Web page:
Kriss Soonik Käärmann: An Elegant Twist at Tallinn Fashion Week
Kriss Soonik Käärmann is a great example of a successful Estonian entrepreneur, having taken her unique twist on underwear-as-outerwear, something which her label calls ‘loungerie’, and made it an international phenomenon. Soonik-Käärmann, who is married to Transferwise founder Kristo Käärmann, moved to London in 2005 to study for a Masters degree at the London College of Fashion. Since then, she has made regular trips back to Tallinn, taking part in several iterations of Tallinn Fashion Week.
Soonik-Käärmann’s collections won her the Silver Needle, an award given to young or up-and-coming designers, in 2013, and then the Golden Needle in 2014, a rubber-stamping of the enormous influence she has had on Estonian fashion, and on designers who wish to craft an international profile for their work. You can view her latest sassy, provocative Kriss Soonik Loungerie collection on the catwalk at Tallinn Fashion Week 2016, in the first standalone show for the brand at Estonian fashion design’s blue-riband event.
Soonik Käärmann spoke to the Baltic Guide about why she was returning to Tallinn Fashion Week. “I had this idea of doing a show at the end of the year, and then when Tallinn Fashion Week contacted me and said, ‘we have this tenth-anniversary celebration,’ I thought it would be a great opportunity.”
Past spectators at Kriss Soonik Loungerie shows have never known what to expect in terms of presentation. “I think we’ve been known for our quirky shows before now. We sent an army of characters from Snow White to the catwalk one year, then another year we sent out gorgeous bunny-boys. This year it’s our autumn-winter 2016 collection, and it’ll be mixed in with our spring-summer collection. People can expect shiny glitter and a mermaid theme too.”
This brought up the topic of just how practical lingerie can be in a winter as harsh as that experienced in Estonia or Finland. “If you look at our turtle-neck tops with suspenders, that’s very Nordic! It’s true that the Nordic climate wants you to make coats and things you can wrap up in, but I’m a lingerie designer, and as a lingerie designer, we have a lot of things that cover a lot. For many lingerie companies, you think of things that are very tiny, but for us, it’s a lot about bodysuits and tops, for example.”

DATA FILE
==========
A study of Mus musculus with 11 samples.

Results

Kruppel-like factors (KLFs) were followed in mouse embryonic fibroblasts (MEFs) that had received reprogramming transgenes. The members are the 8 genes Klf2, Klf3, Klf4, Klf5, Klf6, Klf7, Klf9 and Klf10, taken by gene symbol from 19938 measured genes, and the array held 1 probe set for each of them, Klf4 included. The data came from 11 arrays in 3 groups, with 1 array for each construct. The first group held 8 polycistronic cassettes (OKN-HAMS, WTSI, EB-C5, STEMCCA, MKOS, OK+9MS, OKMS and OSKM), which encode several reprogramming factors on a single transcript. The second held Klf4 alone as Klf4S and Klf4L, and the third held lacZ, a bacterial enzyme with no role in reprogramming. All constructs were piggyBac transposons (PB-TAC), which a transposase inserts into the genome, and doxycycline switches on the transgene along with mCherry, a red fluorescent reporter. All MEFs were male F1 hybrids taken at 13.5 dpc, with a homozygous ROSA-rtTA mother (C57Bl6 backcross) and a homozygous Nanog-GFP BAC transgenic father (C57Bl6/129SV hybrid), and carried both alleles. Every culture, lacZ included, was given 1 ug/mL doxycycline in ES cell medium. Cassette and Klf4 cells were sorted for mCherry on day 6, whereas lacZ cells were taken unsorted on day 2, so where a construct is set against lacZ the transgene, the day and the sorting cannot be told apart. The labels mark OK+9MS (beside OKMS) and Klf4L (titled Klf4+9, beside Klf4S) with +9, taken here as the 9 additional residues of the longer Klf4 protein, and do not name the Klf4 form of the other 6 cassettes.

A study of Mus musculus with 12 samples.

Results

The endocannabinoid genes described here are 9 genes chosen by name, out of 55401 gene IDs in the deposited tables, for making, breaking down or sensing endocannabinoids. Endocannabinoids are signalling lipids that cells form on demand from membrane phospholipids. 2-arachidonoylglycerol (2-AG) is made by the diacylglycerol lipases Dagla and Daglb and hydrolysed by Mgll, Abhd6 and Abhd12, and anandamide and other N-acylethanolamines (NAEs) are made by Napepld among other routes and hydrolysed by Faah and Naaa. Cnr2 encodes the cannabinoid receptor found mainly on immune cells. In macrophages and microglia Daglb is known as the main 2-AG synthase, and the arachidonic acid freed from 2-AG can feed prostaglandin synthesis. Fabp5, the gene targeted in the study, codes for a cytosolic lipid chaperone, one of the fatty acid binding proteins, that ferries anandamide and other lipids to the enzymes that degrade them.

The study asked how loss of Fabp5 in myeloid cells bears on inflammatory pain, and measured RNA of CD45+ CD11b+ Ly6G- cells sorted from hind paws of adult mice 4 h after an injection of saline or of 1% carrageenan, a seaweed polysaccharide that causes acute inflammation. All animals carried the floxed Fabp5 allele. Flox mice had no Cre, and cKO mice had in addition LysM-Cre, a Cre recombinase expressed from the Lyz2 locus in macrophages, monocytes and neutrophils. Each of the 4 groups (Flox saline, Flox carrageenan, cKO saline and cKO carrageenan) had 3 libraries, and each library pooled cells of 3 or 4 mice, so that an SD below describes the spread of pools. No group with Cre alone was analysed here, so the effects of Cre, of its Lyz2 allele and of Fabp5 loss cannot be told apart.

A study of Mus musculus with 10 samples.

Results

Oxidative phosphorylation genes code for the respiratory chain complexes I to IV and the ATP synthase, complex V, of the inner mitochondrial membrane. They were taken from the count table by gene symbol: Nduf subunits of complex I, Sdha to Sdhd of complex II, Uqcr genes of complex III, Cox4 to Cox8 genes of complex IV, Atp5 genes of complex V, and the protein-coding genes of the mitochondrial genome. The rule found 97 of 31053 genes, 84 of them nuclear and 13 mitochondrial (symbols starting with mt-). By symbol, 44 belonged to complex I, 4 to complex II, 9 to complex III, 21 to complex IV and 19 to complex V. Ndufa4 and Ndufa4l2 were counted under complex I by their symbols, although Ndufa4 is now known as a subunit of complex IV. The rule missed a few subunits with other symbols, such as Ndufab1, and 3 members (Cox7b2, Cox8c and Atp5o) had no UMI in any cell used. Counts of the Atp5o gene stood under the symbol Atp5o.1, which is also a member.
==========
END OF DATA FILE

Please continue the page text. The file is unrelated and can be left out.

“You mention the underwear-as-outerwear thing: it’s a trend that shows no signs of going away. We were one of the first lingerie brands to start pushing the trend; usually it’s fashion brands that do it. We’re trying to cross to the fashion side, we don’t want to just be perceived as a lingerie brand.”
Trying to make it big in London’s fashion scene is sometimes characterised as swimming with sharks; even the sharpest of entrepreneurial spirits can be crushed in such intense competition. Soonik Käärmann, though, sees this competitive atmosphere as an advantage. “I think that is a great driver. It can be so easy to become ‘someone’ in Estonia, but to keep on pushing yourself, it’s great to be among such competition in London. The UK is one of our toughest markets - our main market right now is Japan, but I don’t think we would have found Japan so easily if we hadn’t been in London; it can be quite hard to get out from Estonia.”
Something about Kriss Soonik Loungerie’s products seems to appeal to Japanese people as soon as they see it. “I’ve always gathered inspiration from Japanese comics and Manga - I always knew aspects of our aesthetic would appeal to them, and of course they really get the ‘underwear as outerwear’ trend. It wasn’t my first target, I was quite cautious when first approaching them, so when I met my agent in New York, I worked out a way to go into the market there. There are also very interesting things happening in places like Bangkok, for example, so there are a lot of places in Asia that have a very interesting design scene.”
Does Soonik Käärmann consider it a patriotic requirement to come back to Estonia and show the new collection, or is there something more to her decision to return? “I think patriotism has a big role there, but we do have a lot of customers in Estonia, too, so I think it’s kind of my duty to do these shows in Estonia every now and then, and meet people afterwards, and we get a lot of visual material from there; we do the catwalk, we put stuff on Instagram, it’s very easy to do stuff globally from Estonia. It’s not just a local thing, as we see it. It’s great to still be connected to Estonia. We manufacture all our things there. People like the fact that there’s things happening internationally for us, but I think it’s very important for us to show our stuff there.”